A notebook of drawings of the Jewish girl Renate Krochmal, one of the orphan girls at the Izieu orphanage in France, who perished in Auschwitz. Izieu (eastern France), 1943. Four notebook pages with charming drawings made by the girl Renate Krochmal - in some of the drawings Renate depicted a yellow star on the clothes of the drawn figures. On the title page Krochmal's name, the name of the orphanage Enfants D’Izieu and illustrations of the French flag. An extremely rare Holocaust relic made by the hands of a Jewish girl from the Izieu orphanage in the midst of World War II, shortly before she perished in Auschwitz.
Renate Krochmal is one of the forty-four Jewish children listed as the "Children of Izieu", most of them refugees from different countries, who were deported on April 6, 1944 by the French and the Gestapo from the Izieu orphanage in eastern France, in the Ain district, to Auschwitz and Tallinn, where they perished in the death camps. Renate Krochmal's name also appears on the official memorial plaque in the orphanage today. According to the information at the Yad Vashem museum, eight-year-old Renate and her six-year-old sister Liane were at the orphanage. They were deported from the orphanage in April 1944 to their deaths. In 1938, Jakob and Emily Krochmal -Kolbushover fled from Austria with their three children, Siegfried (b. 1931), Renate (b. 1935) and Liane (b. 1937), and arrived in Belgium. Jakob had a brother and sister in the United States, but all his attempts to obtain entry visas to the US for himself and his family failed. The Krochmal family was arrested and imprisoned in the Rivesaltes concentration camp. Siegfried died in Rivesaltes. His parents were transferred to Drancy and deported in September 1942 to Auschwitz, where they were murdered. It is not known when and how Renate and Liane arrived at the Izieu orphanage, but they were caught in the raid on the orphanage, deported along with all the children to the extermination camps in Eastern Europe and murdered. The Yad Vashem museum also has a photo of Renate Krochmal .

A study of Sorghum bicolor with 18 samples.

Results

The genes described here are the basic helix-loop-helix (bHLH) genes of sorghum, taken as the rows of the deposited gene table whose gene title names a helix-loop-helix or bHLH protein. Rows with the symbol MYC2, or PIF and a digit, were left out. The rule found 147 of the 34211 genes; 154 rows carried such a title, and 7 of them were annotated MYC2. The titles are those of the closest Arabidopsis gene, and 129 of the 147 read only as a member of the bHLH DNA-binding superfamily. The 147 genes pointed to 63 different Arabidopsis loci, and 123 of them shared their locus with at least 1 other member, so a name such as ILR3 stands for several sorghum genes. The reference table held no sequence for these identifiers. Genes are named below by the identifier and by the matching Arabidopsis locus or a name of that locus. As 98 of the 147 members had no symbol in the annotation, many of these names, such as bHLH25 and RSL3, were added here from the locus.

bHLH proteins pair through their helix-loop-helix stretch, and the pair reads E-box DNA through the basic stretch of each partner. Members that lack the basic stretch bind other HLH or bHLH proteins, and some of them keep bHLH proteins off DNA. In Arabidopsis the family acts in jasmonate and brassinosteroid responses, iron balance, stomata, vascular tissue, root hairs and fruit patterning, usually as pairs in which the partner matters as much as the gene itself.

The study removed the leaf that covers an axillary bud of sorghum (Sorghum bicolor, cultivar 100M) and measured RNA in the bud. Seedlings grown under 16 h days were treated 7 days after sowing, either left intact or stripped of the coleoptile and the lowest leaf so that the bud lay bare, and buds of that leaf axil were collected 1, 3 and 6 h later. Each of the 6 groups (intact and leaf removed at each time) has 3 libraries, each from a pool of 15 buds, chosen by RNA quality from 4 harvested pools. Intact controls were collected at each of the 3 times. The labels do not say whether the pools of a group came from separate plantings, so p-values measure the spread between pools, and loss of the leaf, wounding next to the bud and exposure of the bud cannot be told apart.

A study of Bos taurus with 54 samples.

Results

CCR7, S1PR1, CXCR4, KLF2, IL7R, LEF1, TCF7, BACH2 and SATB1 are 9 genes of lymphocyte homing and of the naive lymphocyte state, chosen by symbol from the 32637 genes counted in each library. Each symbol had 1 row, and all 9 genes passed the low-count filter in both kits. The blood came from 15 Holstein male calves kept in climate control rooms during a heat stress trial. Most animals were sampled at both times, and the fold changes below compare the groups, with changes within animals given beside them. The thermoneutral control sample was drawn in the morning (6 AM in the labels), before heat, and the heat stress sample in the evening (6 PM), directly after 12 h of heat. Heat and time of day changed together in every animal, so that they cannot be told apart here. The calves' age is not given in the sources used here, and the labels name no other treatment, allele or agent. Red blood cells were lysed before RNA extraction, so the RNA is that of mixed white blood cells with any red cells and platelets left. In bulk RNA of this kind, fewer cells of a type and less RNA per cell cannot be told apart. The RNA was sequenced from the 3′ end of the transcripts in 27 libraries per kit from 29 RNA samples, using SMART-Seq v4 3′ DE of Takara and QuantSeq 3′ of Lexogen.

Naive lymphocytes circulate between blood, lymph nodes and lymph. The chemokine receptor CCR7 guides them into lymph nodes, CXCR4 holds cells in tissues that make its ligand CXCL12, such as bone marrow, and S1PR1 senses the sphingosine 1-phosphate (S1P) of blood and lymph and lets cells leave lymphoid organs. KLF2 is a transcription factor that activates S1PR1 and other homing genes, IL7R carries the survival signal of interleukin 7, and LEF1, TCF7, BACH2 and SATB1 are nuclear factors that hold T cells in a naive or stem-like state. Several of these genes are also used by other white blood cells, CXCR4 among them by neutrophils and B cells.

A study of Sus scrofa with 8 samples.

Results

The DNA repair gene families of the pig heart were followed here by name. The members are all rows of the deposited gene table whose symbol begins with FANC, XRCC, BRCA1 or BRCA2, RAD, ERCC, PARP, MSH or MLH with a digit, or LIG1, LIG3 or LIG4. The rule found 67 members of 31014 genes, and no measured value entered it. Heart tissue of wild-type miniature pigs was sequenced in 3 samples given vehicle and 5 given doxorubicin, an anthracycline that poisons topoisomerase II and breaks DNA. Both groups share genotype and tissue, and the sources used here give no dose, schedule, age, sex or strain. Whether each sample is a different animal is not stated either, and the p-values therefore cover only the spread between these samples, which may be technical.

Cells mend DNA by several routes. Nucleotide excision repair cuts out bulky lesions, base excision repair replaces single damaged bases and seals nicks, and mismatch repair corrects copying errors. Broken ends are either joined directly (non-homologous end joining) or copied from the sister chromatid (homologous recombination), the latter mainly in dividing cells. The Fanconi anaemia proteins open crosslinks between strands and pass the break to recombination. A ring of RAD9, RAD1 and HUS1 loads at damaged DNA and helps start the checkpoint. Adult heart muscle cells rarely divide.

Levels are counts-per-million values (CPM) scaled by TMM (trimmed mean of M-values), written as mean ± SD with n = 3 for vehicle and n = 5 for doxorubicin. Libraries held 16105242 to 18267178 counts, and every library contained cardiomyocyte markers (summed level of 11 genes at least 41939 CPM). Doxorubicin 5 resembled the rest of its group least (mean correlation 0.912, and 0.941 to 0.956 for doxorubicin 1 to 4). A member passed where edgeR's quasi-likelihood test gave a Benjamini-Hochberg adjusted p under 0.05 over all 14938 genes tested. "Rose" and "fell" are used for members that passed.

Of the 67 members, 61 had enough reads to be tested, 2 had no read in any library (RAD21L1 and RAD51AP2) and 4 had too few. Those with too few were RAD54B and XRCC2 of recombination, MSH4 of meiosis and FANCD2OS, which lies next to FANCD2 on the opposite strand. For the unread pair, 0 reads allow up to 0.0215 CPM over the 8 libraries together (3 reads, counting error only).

During World War II, after France's surrender to Germany in June 1940 and especially after the roundup of Parisian Jews in the summer of 1942, dozens of Jewish children born in France, Belgium, Austria, Algeria, Romania, Russia, Germany and Poland arrived at the Izieu orphanage. The orphanage was supervised by OSE. The children were brought by French and Jewish-French underground groups, who sought to save them from deportation to the extermination camps in Eastern Europe. At the orphanage, the children were cared for by Jewish and Christian caregivers alike, who protected them from the horrors of the time. The orphanage had a fixed daily schedule that included walks, outdoor activities and studies. Over a hundred children stayed at the Izieu orphanage from its establishment in May 1943 until the German raid in April 1944. Some only stayed for a few weeks or months.
From November 1942, when Germany invaded Vichy France territory and annexed this area to Germany, until September 1943, the Izieu area - in southeastern France - was held by the Italians, Germany's allies. The Italians did not act as vigorously to deport Jews as the Germans did, so this area was considered relatively safe for hiding Jews and members of the French Resistance. In September 1943, with the Allied invasion of Italy and the fall of southern Italy to the Allies, the Germans also conquered the area of southwestern France, increasing the danger to hidden Jews.
On April 6, 1944, Gestapo men and French policemen under the command of Klaus Barbie raided the orphanage by surprise. At that time there were 44 children at the orphanage - Renate Krochmal was among them. The Germans loaded the 44 children and seven staff members onto trucks and deported them to Montluc prison in Lyon. From there the children and staff were deported to the Drancy concentration camp and from there on several transports, in April, May and June 1944, to Auschwitz and Tallinn, where they were gassed and shot to death. The director of the orphanage, the Jew Miron Zlatin, husband of Sabine Zlatin, was deported on Transport 73 which left France for Tallinn on May 15, 1944 and murdered. His wife Sabine, who was among the orphanage staff, was not at the orphanage at that time and thus survived. Of the deportees, only caregiver Léa Feldblum survived. Sabine Zlatin dedicated her life to commemorating the story of the Izieu orphanage children. In her testimony at the 1987 war crimes trial of Nazi criminal Klaus Barbie - head of the Lyon Gestapo, who organized the children's deportation - Léa Feldblum recounted the story of the orphanage and the children's deportation. That same year, the building where the orphanage had operated was converted into a museum commemorating the children's story and the deportation events. On April 6, 2015, on the 71st anniversary of the deportation, French President François Hollande inaugurated the renovated orphanage museum, after it had been closed for several months for renovations.
 Leaf. 22x14 cm. Title page and four illustrations. Very good condition.